Ontario Police Breakup Pickering Casino Cheating Scheme


According to local reports, the Ontario Provincial Police (OPP) was alerted about the scheme earlier this month, which allegedly involved a table games dealer at the casino and some patrons.

Following the tip, the authority responsible for the gambling regulation in the province, the Alcohol and Gaming Commission of Ontario (AGCO), began an investigation. This led to the arrest and charging of four people, as confirmed by the OPP on Wednesday.

Charges of Cheating Criminal Breach of Trust and Fraud

An individual with the initials S.S. faces charges including four counts of cheating, criminal breach of trust, and four counts of fraud exceeding CA$ 5,000 ($3,700). Another individual involved in the alleged scheme is a 28-year-old from Mississauga, also with the initials S.S. Additionally, a 24-year-old from Brampton with the initials A.K. and another Brampton resident with the initials D.K. have been implicated.

The latter three individuals have been charged with fraud over CA$5,000 ($3,700) and possession of property valued over CA$5,000 ($3,700) acquired unlawfully. Each of these three is also facing four counts of cheating at play. The potential penalties for those involved in the scheme are still to be determined.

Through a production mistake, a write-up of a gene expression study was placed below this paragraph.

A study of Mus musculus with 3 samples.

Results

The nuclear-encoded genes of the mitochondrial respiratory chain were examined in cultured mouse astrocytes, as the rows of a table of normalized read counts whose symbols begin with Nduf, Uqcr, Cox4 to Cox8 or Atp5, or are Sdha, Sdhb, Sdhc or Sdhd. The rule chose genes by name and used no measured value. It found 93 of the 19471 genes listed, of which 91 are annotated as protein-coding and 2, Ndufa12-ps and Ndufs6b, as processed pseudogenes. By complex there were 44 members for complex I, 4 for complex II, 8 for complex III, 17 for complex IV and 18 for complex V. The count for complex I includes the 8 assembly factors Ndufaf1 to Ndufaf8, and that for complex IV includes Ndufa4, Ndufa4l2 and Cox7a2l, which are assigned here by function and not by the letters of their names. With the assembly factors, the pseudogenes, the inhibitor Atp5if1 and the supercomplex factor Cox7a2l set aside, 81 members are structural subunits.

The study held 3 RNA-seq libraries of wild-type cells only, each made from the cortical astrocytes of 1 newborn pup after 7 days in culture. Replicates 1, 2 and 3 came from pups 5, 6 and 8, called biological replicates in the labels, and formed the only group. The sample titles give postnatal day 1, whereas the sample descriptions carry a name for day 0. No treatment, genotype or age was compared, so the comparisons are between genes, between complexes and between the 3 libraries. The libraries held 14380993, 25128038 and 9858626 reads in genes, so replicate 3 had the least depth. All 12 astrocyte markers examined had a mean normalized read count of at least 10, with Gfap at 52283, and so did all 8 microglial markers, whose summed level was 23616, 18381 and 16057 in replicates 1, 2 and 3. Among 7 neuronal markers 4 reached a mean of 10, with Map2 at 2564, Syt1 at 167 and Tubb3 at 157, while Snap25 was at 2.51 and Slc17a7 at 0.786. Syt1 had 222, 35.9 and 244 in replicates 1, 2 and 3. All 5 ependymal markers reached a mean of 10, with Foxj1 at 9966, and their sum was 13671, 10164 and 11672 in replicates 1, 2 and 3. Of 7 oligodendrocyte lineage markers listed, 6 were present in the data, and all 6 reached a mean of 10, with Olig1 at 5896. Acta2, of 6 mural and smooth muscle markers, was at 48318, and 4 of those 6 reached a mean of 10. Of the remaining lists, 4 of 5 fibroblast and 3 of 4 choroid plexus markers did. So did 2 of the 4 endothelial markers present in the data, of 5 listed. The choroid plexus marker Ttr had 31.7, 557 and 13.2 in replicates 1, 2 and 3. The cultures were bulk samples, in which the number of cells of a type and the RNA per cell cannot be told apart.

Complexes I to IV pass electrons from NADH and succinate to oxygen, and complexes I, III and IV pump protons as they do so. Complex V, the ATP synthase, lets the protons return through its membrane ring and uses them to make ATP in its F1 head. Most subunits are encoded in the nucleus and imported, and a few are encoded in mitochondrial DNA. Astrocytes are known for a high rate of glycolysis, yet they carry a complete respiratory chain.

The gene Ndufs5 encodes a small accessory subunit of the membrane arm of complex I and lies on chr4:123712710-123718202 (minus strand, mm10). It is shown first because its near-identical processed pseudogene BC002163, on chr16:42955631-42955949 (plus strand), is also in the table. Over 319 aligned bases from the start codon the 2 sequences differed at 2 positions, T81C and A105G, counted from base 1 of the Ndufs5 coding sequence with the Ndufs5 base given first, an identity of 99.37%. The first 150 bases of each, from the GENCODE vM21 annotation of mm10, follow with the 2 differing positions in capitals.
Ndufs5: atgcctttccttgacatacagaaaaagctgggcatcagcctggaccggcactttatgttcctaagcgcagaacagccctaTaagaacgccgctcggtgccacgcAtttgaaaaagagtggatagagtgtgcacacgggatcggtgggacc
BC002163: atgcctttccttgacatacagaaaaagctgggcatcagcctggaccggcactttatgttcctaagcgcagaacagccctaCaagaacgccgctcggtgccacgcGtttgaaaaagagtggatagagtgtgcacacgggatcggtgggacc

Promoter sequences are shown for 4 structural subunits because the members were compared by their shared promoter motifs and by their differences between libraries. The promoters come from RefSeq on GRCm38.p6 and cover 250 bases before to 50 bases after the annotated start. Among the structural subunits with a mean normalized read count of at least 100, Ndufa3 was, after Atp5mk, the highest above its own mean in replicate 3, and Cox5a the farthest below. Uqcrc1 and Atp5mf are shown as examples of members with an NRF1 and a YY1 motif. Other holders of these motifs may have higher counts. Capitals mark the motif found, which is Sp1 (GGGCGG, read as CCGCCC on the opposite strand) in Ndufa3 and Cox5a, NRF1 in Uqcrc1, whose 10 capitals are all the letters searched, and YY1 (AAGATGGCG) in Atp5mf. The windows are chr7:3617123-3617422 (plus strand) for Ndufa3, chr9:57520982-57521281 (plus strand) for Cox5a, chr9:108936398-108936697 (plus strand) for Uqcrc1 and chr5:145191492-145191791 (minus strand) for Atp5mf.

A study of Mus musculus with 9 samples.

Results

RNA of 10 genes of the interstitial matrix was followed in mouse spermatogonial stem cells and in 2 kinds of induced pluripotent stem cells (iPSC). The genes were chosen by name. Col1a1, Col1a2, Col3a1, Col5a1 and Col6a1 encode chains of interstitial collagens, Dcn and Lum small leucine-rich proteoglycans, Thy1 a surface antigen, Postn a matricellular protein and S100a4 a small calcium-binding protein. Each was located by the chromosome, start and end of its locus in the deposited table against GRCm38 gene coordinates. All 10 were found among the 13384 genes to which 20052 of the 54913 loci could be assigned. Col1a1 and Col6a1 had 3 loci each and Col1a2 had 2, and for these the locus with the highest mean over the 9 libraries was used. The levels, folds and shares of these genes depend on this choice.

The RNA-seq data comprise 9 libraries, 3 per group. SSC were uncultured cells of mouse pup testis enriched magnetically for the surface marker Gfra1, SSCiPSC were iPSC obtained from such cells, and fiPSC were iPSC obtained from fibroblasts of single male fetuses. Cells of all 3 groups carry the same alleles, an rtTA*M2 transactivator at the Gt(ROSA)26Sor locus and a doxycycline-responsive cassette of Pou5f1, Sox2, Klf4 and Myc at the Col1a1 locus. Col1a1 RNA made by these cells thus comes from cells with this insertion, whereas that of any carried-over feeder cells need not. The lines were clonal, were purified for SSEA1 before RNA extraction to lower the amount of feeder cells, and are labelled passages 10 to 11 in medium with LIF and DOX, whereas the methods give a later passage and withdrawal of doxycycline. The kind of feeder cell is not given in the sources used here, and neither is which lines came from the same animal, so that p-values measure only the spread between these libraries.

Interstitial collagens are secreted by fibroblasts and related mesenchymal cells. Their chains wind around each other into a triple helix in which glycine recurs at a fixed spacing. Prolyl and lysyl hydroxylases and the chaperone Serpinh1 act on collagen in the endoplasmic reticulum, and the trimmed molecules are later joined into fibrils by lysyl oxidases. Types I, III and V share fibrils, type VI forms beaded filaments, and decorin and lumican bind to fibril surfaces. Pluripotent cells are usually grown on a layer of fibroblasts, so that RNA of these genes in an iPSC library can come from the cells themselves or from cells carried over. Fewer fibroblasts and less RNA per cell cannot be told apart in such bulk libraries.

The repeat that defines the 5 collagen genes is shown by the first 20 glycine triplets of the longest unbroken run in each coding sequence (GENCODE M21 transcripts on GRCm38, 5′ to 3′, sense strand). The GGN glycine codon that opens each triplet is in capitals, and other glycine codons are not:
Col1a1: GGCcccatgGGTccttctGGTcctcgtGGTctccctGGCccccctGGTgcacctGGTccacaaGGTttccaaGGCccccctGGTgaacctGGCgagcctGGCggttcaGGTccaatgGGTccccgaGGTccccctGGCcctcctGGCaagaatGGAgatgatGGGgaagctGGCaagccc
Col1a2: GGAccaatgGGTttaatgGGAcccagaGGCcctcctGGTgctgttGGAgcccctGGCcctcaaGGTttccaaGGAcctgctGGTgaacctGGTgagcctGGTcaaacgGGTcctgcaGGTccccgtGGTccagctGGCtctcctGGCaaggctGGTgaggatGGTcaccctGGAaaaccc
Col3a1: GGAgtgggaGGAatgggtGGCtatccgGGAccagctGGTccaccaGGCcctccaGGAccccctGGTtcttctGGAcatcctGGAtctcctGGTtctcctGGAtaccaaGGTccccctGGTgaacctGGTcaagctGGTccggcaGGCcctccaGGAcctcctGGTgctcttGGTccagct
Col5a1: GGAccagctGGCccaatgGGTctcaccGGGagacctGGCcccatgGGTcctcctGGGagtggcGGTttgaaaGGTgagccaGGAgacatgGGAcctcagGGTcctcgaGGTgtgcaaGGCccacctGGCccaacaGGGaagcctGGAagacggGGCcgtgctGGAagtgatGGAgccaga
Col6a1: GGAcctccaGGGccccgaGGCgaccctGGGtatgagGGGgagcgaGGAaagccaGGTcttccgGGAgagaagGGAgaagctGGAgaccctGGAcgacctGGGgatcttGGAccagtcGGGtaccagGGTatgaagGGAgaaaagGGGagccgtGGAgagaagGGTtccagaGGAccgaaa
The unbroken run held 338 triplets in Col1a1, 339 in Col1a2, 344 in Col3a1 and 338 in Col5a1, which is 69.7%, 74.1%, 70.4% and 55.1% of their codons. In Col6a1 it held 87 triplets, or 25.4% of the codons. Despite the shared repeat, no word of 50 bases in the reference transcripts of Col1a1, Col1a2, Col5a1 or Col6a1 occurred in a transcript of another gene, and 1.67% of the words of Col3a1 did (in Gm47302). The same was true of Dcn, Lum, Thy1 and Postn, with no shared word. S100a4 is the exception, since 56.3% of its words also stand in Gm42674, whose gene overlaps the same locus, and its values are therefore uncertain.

AGCO’s Carefully Monitoring Market

Earlier in the month, AGCO gave approval to Amelco, a prominent service and solution provider, permitting the company to offer its services to clients in Ontario. To secure this, Amelco obtained a Gambling Regulated Supplier license from AGCO.

Related: Amelco Gets Licensed for Ontario Market.

In a separate development, AGCO imposed a CA$100,000 ($74,300) fine on Apollo Entertainment. This penalty was imposed after the regulator identified violations of responsible gambling guidelines by the company. The AGCO stated that Apollo Entertainment did not adequately address high-risk player interventions and did not offer effective voluntary self-exclusion options for its users.